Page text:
The Great Falls Clinic Clinical Research Department, in conjunction with Clinic providers, actively participate on a national level in clinical research studies, which allows patients in Great Falls and the surrounding area to participate in clinical trials that, at one time, were only offered in large cities. The clinical trials incorporate state-of-the-art patient care with the most recent breakthroughs in medicine.
View all Great Falls Clinic Open Research Studies.
Clinical Trials are part of clinical research and the heart of all medical advances. Clinical Trials examine new ways to prevent, treat and detect disease. This involves using new drugs or devices, or approved drugs or devices.
Every clinical trial has a protocol, or action plan, for conducting the trial. The plan describes what will be done in the study, how it will be conducted, and why each part of the study is necessary. Each study has its own rules regarding eligibility to participate. Some studies need volunteers with a certain disease, some need healthy individuals and others require men or women only.
In the United States there are various committees, regulatory groups, rules and regulations (Federal, State and Local) that oversee Clinical Trials and foremost protect the safety of clinical trial participants.
(Source: NIH: National Institutes of Health)
Clinical research trials contribute to evidence-based medicine by helping find new and better ways to treat patients. The contribution that research makes plays a vital role in the advancement of medical therapies, medications and technologies. Without research, these advancements would not exist.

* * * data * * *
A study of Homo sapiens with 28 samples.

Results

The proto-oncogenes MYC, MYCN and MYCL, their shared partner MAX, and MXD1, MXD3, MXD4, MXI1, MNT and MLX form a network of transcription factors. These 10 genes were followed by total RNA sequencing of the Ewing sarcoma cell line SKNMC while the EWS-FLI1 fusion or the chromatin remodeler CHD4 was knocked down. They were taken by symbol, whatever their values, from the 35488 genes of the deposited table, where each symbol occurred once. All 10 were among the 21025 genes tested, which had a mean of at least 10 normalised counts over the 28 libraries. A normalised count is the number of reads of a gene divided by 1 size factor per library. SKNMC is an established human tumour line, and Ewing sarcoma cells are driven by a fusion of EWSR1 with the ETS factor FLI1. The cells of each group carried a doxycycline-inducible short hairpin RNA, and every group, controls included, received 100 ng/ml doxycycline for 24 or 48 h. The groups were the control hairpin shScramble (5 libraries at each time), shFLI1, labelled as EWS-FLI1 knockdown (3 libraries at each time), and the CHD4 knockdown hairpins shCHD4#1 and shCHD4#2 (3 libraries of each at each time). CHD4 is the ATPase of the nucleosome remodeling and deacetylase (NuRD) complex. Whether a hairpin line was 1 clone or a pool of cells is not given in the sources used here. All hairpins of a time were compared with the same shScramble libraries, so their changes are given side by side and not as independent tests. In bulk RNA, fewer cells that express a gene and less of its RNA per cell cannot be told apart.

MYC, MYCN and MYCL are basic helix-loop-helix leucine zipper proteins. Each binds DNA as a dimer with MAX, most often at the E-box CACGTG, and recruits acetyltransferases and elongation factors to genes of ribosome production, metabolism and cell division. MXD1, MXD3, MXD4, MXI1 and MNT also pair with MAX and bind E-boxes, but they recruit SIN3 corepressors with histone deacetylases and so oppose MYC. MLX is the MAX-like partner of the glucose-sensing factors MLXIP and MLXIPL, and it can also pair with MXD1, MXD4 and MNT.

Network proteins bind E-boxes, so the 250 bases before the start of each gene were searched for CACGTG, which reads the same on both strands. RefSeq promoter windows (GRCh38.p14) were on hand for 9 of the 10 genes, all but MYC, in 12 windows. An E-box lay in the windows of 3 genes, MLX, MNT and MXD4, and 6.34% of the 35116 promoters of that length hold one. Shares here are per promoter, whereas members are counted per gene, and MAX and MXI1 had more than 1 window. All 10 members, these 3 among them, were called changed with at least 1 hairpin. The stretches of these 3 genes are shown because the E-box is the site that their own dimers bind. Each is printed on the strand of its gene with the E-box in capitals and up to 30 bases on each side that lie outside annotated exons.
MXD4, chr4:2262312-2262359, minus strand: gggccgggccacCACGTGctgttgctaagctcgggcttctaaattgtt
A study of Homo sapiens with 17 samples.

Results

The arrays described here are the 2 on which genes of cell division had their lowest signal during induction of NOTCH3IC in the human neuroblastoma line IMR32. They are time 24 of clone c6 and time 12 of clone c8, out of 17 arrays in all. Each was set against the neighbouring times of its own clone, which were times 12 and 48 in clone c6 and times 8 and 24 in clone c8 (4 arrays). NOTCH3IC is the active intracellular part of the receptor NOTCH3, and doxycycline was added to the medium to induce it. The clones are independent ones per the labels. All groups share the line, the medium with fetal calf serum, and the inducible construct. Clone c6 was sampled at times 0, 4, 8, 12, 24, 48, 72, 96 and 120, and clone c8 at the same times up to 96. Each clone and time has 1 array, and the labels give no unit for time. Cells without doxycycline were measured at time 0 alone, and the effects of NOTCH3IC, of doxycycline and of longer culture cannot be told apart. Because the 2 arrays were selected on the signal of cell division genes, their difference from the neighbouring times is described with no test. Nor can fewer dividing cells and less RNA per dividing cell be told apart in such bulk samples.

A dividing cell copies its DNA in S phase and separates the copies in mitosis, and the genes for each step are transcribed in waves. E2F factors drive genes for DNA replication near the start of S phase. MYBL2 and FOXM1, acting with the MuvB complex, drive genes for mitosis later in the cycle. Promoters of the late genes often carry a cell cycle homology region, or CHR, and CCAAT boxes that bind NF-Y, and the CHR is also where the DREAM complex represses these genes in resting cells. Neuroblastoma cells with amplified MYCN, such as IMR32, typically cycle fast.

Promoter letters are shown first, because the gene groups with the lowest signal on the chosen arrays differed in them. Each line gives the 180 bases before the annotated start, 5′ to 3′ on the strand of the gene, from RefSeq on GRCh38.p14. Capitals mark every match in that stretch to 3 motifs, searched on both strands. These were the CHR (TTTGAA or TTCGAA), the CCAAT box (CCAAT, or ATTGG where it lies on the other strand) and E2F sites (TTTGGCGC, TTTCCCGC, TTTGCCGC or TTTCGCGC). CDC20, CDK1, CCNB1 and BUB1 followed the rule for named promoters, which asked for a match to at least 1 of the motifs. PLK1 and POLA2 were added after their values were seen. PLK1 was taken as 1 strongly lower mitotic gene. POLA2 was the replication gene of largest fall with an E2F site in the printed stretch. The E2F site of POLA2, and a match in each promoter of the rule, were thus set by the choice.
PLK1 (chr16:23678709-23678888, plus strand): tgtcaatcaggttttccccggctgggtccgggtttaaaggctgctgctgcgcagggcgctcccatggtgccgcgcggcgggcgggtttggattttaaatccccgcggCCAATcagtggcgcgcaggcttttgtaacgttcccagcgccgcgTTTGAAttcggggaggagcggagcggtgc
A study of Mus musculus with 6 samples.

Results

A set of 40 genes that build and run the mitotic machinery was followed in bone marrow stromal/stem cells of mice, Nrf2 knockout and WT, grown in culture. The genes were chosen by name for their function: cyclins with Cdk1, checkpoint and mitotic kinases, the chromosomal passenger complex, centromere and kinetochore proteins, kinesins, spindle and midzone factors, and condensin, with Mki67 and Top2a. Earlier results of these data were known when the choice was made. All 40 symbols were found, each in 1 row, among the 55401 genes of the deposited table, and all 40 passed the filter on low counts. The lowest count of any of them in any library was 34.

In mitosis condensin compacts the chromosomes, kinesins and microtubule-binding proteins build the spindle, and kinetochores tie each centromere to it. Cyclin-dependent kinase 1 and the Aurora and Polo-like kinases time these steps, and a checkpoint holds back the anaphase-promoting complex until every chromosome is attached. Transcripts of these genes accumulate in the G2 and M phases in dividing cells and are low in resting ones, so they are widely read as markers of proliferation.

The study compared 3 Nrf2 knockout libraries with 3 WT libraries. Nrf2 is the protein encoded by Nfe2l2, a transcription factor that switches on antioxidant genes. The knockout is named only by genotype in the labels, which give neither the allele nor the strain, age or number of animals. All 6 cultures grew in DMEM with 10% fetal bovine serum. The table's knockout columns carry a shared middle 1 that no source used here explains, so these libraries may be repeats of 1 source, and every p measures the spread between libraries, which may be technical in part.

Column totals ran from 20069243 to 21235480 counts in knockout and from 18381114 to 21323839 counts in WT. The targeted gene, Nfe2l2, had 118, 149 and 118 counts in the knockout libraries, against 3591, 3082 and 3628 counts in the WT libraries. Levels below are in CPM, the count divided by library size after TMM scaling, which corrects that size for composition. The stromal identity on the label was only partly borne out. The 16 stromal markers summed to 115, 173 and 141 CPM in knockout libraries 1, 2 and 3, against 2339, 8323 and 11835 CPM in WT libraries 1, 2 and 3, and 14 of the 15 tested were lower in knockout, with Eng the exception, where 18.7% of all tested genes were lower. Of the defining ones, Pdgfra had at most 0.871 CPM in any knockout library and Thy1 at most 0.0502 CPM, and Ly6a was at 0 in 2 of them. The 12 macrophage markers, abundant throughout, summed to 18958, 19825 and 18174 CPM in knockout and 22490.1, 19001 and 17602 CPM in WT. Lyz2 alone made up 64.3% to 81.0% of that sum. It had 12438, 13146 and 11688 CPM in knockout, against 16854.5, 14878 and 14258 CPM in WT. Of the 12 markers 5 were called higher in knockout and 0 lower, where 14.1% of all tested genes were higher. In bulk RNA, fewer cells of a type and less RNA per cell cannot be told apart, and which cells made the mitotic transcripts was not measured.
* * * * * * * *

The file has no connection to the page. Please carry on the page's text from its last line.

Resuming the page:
Clinical research trials are conducted in phases.
Phase I – An experimental drug or treatment is given to find a safe dose, to decide how the new treatment should be given or to see how the new treatment affects the human body. Usually 10-15 people participate in the clinical trial.
Phase II – An experimental drug or treatment is given to a group of between 100 and 300 people to see if it is effective and to further evaluate its safety.
Phase III – An experimental drug or treatment is given to a larger group of people (1,000-3,000) to confirm its effectiveness, monitor side effects, compare it to commonly used treatments and collect information that will allow the experimental drug or treatment to be used safely.
Phase IV – Post marketing studies are conducted to evaluate risks, benefits and optimal use of the drug or treatment or a new indication for already approved drugs.
Clinical trials offer high-quality care. If you are in a randomized study and do not receive the new treatment being tested, you will receive the best known standard treatment. This may be as good as, or better than, the new approach.
- If a new treatment is proven to work and you are taking it, you may be among the first to benefit.
- By looking at the pros and cons of clinical trials and your other treatment choices, you are taking an active role in a decision that affects your life.
- You have the chance to help others and improve treatment.
New treatments under study are not always better than, or even as good as, standard care.
- If you receive standard care instead of the new treatment being tested, it may not be as effective as the new approach. New treatments may have side effects that doctors do not expect or that are worse than those of standard treatment.
- Even if a new treatment has benefits, it may not work for you. Even standard treatments, proven effective for many people, do not help everyone.